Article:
HandlebarsJs is a great Javascript templating engine. It’s pretty much Mustache templates on steriods – or Rogaine or something like that. Well, there’s a great for loop, but it’d be cool if it had a loop index built in. It doesn’t have one as of the current version (1.0.0.beta.6). But, we can make an easy helper.

Update: “Native”

Thanks to a bit of looking, Zander (see comment thread below), has discovered that Handlebars now supports a native loop index accessor called @index. And there’s a jsfiddle to prove it. Thanks, Zander.

When We’re Helping We’re Happy

Compared to Mustache templates, Handlebars has the Rogaine element of helper functions. You have the ability to register as many custom functions for use in your templates as you find useful. And we’re gonna make a sweet one.

Lots of languages have the built-in ability to let you access the current index of a for loop. We’ll have to build our own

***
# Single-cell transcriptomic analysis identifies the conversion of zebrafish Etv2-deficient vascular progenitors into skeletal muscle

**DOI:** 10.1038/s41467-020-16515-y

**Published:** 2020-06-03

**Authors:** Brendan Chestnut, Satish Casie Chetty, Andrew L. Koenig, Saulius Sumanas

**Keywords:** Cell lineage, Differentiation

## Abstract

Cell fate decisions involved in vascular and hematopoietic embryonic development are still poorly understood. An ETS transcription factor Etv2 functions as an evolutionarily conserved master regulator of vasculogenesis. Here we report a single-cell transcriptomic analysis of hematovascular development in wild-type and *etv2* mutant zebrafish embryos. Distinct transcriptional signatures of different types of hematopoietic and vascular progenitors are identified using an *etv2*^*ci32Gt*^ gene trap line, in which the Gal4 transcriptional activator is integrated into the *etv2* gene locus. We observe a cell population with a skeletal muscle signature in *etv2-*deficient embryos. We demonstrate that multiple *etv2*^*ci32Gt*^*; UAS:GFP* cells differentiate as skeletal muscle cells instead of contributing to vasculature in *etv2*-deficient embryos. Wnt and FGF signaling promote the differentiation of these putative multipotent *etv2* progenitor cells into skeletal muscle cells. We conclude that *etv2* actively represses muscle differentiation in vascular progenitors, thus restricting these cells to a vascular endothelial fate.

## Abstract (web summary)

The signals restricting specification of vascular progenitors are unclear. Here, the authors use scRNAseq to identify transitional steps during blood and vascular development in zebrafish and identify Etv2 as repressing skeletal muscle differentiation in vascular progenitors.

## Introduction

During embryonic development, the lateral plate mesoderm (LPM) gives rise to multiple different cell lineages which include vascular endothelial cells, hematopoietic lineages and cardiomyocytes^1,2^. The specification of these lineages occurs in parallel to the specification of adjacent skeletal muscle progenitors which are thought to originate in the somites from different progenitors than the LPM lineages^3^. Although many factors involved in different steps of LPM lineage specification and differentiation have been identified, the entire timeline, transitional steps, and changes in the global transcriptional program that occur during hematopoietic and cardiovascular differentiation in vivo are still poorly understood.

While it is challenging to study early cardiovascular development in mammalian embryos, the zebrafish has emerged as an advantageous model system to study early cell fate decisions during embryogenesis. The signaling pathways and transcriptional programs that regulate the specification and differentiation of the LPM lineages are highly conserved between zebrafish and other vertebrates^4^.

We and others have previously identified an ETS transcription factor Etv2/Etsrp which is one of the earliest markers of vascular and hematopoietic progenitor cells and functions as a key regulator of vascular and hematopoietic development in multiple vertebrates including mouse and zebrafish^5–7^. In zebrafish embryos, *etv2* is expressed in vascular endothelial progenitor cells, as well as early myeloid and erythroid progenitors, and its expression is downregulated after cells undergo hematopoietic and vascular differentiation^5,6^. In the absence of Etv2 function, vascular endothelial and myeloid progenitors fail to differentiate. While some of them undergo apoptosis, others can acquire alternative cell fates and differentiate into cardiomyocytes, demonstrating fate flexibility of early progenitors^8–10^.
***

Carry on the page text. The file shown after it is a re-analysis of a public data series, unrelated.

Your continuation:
For Loop Index Helper

The default Handlebars loop helper is {{#each}} . We will replace it with {{#iter}}. It essentially copies the current implementation of the for loop and adds a few more parameters to the loop context.

Handlebars.registerHelper('iter', function(context, options) {
  var fn = options.fn, inverse = options.inverse;
  var ret = "";
  if(context && context.length > 0) {
    for(var i=0, j=context.length; i<j; i++) {
      ret = ret + fn(_.extend({}, context[i], { i: i, iPlus1: i + 1 }));
  } else {
    ret = inverse(this);
  return ret;

The key line is:

fn(_.extend({}, context[i], { i: i, iPlus1: i + 1 }))

fn() is the call to execute the block of the template surrounded by {{#iter}}. We pass in context[i] as in the normal loop, but we extend it with i (the 0-based index) and iPlus1 (for a 1-based index).

Here’s an example usage:

{{#iter myArray}}
  {{i}}. {{myModelField}}

This would print a list of numbers, then a period, the field values. Pretty sweet eh? Use Handlebars and bring new life and lushness to your crop of js templating. Now with an index in your for loops!

Note: This code snippet makes use of underscore.js. You could easily not use _.extend().